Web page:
1. Make sure the bottom of their wrist face outwards to help reduce pressure on the Ulnar Nerve.
      2. Upper Torso Bindings
        1. Pass the rope along the left upper arm around the upper chest.
          1. Cross the rope creating a stem from the wrists, and pass it back around the right upper arm above your first wrap.
            1. Lock off around the stem.
            2. Perform a pair of Kannukis following the direction of the rope to prevent them from slipping over the shoulder.
              1. Extend your rope if needed.
                1. Lower Torso Bindings
                  1. Start a couple inches below your first set of wraps minding the Radial Nerve and pass around under the breast line.
                    1. Cross the rope with the stem, and pass back around the same way you did the upper bindings.
                      1. Join ropes locking off around the stem.
                      2. Burn up unused rope.

                        A One Rope Gote Shibari Tutorial

                        One of the most popular chest harnesses in rope bondage is the Gote Shibari. It is often mistaken for the Takate Kote. An easy way to tell them a part is the arm placement behind the back. The Gote Shibari keeps the arms parallel to the floor while the Takate Kote place the arms further up the back forming an X-shape. To add to your brain cells confusion, both are often referred to as a Box tie. — Don’t worry your pretty little bunny slippers.— You would not be mistaken to refer to either of them in this way.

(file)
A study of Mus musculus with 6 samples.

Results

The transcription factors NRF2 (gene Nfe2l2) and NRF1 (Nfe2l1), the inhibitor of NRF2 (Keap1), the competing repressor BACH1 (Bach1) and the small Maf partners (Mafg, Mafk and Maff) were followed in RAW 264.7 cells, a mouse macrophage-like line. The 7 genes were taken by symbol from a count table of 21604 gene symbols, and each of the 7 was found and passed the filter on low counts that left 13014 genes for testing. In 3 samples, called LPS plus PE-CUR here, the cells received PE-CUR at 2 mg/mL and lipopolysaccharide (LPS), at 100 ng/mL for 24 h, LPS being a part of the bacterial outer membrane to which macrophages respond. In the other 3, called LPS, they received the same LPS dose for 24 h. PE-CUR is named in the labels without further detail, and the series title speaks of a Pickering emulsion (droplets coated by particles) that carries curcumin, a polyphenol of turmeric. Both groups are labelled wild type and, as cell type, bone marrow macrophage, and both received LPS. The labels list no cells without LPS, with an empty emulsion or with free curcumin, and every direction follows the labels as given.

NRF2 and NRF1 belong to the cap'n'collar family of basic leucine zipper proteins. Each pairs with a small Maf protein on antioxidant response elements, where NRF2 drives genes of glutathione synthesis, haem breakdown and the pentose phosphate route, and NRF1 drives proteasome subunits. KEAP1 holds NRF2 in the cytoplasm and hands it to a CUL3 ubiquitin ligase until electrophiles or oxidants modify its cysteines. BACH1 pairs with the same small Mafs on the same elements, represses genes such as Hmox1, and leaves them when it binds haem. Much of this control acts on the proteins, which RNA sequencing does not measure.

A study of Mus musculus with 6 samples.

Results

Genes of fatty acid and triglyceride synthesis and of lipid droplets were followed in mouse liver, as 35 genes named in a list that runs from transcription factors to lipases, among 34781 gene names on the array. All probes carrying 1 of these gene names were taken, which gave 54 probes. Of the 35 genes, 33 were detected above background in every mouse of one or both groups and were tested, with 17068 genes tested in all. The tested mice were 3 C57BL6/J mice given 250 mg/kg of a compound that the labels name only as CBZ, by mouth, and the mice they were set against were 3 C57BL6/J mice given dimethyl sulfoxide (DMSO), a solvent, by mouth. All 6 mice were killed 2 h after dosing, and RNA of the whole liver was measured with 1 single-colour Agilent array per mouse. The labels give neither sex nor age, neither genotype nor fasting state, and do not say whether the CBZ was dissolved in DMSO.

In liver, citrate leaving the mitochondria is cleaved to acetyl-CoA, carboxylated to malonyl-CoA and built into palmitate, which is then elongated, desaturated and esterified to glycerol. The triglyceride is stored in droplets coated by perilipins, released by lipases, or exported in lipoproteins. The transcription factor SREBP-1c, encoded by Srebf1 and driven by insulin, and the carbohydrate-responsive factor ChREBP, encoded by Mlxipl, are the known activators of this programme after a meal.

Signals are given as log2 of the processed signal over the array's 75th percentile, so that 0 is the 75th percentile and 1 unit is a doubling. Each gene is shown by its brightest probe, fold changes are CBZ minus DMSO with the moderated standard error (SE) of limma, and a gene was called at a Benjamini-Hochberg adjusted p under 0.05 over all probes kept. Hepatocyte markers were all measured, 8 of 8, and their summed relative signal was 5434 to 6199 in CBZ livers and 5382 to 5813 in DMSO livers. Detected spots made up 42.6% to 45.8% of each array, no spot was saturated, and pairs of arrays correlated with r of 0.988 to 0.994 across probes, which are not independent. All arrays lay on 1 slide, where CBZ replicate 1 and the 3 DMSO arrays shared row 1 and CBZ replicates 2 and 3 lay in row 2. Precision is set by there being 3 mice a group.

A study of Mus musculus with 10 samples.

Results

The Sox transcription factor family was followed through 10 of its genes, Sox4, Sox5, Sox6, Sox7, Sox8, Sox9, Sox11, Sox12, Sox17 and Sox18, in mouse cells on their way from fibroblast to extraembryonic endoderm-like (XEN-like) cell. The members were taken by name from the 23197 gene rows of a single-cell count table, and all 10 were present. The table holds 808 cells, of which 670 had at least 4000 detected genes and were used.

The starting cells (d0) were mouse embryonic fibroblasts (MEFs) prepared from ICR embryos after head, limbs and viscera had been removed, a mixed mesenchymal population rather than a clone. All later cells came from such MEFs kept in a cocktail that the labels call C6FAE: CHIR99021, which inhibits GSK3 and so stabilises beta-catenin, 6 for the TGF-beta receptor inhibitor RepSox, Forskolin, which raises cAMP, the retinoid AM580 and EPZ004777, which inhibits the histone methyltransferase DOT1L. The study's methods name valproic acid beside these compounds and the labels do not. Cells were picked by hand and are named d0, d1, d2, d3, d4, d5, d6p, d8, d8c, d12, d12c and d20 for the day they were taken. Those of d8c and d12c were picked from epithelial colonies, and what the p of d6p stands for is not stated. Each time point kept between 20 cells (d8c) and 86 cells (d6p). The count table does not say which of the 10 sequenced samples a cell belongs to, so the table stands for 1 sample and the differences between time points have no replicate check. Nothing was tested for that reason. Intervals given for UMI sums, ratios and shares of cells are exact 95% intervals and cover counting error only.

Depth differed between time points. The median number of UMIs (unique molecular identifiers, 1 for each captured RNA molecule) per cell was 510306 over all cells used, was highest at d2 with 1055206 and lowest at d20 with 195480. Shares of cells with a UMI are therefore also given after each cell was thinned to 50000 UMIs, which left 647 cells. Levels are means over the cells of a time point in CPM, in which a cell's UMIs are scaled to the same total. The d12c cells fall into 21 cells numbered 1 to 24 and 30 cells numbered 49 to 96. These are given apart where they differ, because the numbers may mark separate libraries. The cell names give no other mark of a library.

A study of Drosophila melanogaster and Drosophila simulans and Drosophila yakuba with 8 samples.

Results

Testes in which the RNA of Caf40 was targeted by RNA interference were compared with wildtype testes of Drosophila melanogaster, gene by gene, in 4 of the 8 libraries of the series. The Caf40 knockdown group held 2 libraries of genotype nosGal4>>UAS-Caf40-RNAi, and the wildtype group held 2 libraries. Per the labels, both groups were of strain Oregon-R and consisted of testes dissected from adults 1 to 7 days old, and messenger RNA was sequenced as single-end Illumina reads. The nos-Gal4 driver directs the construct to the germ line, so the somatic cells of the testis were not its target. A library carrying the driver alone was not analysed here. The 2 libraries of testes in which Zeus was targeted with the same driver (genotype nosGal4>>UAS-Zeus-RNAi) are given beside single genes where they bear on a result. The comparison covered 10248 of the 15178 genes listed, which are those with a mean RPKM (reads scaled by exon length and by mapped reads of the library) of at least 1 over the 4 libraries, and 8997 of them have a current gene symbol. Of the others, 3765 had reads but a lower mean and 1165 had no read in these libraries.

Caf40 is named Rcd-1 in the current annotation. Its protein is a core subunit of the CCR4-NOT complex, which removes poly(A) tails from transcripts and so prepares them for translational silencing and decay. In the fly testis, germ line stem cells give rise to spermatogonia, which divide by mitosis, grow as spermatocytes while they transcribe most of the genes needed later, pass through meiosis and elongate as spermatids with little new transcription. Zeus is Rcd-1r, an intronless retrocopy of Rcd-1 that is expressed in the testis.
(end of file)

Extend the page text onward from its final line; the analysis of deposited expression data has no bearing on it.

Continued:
The Gote Shibari is one of the principal ties new rope bondage practitioners want to learn and is one of the most popular techniques that have come out of Japanese Kinbaku. Since it is a very common in Kinbaku, it has many variants as it does riggers. Each artist likes to adapt it to their own style. You can often tell just from the style who performed the Box tie. No matter who ties it, they all start with hands behind the back. It is commonly used for floor work and suspensions.

                        Do to its inherent dangers of causing nerve damage — Wrist drop is real! — it is often avoided for suspensions. Especially side suspensions when most of the body weight is placed on the upper chest wraps. The weight of your bunny often presses in to the Radial nerve of the arm. — This is bad black magic voodoo because you don’t know until its to late! — You will never be able to reduce all the inherent dangers of the Gote Shibari, you can only help mitigate this issue by being mindful of the compression on the arms and wrist. Adding more slack to the wrist will reduce pressure on the Ulnar nerve and placement of chest wraps is key in avoiding the Radial nerve. Both of these are a case by case basis. Everyone is built differently which makes placement and danger zones different on Everyone. Always practice responsibly and under the guidance of a local professional. Watching online video tutorials will not teach you everything you need to know. It is your responsibility to learn from a real life professional.